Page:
THE CITY HAD the right to deny a promotion for a Philadelphia police lieutenant - accused and acquitted of hitting a woman at a Puerto Rican parade - a common pleas judge has ruled.

Jonathan Josey, a 23-year veteran of the department, has been caught up in legal matters since 2012, when a video of him appearing to strike a woman following the parade went viral and he was fired.

The Dec. 21 ruling in the city's favor means Josey will remain at the lieutenant level in the department's investigations unit.

"We are pleased with the ruling and appreciate the attention given the matter by Judge Carpenter," city spokesman Mike Dunn said.

John McGrody, vice president of the Fraternal Order of Police Lodge #5, said the union already has taken steps to appeal the decision.

"We've said from day one he did absolutely nothing wrong. This whole incident was political in nature, and we don't believe the city should have ever denied him the promotion," McGrody said. "We'll appeal to any court in the land."

McGrody said he thinks people misunderstood what went on in the video.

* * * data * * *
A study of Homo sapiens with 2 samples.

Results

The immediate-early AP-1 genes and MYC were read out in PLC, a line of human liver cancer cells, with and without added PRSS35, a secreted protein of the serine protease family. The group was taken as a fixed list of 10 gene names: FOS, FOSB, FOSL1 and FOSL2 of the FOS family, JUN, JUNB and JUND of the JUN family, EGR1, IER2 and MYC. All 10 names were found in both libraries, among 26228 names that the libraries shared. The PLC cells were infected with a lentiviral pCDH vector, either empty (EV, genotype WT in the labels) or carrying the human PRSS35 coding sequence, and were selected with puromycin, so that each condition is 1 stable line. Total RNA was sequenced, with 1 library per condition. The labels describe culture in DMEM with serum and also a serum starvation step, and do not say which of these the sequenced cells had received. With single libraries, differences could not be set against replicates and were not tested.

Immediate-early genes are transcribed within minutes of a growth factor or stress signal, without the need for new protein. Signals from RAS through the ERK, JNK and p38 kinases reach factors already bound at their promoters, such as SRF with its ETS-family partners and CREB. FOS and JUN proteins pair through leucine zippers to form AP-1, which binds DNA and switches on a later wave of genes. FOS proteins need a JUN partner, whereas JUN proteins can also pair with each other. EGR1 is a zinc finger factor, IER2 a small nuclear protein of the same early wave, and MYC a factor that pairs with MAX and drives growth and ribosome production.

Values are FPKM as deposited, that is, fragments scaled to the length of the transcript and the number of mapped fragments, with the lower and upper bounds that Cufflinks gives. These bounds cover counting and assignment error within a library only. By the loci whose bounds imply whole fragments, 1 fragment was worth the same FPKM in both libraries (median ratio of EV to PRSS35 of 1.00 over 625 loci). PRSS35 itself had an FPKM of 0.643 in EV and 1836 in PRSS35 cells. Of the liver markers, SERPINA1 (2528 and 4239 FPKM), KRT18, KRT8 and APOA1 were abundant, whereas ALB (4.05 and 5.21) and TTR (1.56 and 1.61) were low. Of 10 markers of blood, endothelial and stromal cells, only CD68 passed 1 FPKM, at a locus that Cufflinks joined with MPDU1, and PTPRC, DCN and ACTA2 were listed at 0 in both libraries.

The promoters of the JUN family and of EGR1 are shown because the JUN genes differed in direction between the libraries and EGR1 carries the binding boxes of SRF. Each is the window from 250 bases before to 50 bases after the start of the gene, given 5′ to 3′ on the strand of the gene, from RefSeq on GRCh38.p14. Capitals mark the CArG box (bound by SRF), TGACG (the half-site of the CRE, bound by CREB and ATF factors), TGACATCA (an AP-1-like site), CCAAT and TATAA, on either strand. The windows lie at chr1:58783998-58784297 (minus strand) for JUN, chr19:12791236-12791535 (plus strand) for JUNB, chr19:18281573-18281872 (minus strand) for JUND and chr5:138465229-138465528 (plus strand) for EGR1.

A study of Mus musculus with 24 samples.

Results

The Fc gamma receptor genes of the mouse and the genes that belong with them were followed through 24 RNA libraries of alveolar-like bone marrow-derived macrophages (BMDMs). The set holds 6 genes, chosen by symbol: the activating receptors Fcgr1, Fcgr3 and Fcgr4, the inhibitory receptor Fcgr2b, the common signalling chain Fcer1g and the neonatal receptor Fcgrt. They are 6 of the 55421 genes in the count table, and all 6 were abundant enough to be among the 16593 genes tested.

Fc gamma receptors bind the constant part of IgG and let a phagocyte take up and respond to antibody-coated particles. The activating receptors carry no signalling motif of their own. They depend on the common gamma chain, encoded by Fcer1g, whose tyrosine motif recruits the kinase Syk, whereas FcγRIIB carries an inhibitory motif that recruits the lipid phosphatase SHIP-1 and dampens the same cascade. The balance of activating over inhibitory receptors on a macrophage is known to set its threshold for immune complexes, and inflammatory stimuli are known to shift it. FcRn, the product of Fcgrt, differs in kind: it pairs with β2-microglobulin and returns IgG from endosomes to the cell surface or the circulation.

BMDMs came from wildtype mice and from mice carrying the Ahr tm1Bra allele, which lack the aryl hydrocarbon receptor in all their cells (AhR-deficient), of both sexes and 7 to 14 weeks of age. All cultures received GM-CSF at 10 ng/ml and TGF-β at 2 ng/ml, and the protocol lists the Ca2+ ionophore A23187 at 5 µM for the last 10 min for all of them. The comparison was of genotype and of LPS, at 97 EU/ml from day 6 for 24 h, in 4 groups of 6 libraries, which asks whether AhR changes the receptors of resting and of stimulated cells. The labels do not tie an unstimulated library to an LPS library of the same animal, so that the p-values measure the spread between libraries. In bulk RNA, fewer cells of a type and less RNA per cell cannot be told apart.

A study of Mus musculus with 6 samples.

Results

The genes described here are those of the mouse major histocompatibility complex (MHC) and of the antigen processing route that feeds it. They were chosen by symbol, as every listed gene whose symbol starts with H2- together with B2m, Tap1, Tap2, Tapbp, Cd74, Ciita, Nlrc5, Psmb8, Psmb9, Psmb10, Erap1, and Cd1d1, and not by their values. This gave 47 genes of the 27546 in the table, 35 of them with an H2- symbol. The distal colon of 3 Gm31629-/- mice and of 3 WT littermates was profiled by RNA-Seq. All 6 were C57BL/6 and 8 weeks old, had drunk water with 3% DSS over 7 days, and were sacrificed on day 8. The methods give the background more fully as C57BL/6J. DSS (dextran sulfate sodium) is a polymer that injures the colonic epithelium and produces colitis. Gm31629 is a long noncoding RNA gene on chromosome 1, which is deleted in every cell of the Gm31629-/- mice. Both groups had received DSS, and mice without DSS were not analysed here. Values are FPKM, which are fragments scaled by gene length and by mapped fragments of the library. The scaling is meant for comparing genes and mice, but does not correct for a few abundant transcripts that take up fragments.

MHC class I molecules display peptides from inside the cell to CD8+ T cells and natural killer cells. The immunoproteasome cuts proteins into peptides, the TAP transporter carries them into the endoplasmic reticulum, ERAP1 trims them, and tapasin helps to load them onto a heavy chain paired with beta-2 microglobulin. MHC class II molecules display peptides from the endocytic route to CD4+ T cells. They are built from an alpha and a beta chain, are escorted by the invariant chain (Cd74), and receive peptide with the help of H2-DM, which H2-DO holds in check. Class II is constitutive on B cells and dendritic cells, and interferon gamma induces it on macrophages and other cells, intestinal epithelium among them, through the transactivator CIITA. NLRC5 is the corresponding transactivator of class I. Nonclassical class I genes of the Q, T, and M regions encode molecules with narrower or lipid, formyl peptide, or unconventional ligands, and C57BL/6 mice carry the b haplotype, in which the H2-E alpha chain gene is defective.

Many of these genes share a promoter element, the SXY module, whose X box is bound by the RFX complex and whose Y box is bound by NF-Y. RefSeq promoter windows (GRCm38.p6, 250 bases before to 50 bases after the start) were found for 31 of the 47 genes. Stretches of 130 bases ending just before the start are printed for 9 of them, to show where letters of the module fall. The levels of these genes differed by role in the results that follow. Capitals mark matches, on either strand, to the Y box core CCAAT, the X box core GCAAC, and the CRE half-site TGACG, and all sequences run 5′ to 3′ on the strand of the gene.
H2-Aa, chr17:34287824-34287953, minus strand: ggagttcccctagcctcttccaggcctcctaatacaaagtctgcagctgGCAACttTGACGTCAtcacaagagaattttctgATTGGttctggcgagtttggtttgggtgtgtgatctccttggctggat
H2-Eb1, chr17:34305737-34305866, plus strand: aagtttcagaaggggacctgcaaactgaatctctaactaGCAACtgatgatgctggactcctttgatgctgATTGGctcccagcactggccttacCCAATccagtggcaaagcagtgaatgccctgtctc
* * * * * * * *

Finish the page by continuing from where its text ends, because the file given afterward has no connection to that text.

"People got outraged and they decided what the video depicted, and they're stuck on that story; they're never going to get off that story. That's why we're going to stand side by side with Josey," he said.

Following the release of the video, Josey was charged with conduct unbecoming under the department's disciplinary code.

He claimed he was trying to knock a beer out of the woman's hand, not hit her, when she fell to the ground during the 2012 parade. (The woman, Aida Guzman, filed a federal lawsuit and later received a $75,000 settlement from the city.)

Josey was acquitted and an arbitrator ruled he should get his job back, with back pay, and that the whole episode should be removed from his personnel record.

He went on to make headlines in 2014 for saving a family from a fire in South Philadelphia.

The parade incident resurfaced when Josey was passed over for a promotion to captain in March.

The FOP challenged the department's decision and an arbitrator ruled in the union's favor, calling on the city to promote Josey. The city appealed.

In its legal brief, the union argued the city unjustly used the parade incident in denying the promotion, as the arbitrator had ordered the disciplinary action stemming from the case be expunged.

The city countered that the commissioner had discretion to consider the incident.

The city also argued that the eligible list for promotion that included Josey expired one month before his promotion was awarded.

McGrody said he spoke on Tuesday morning with Josey, who did not return requests for comment.

"He's greatly disappointed; he's not surprised, but he is still going to work every day and doing his job."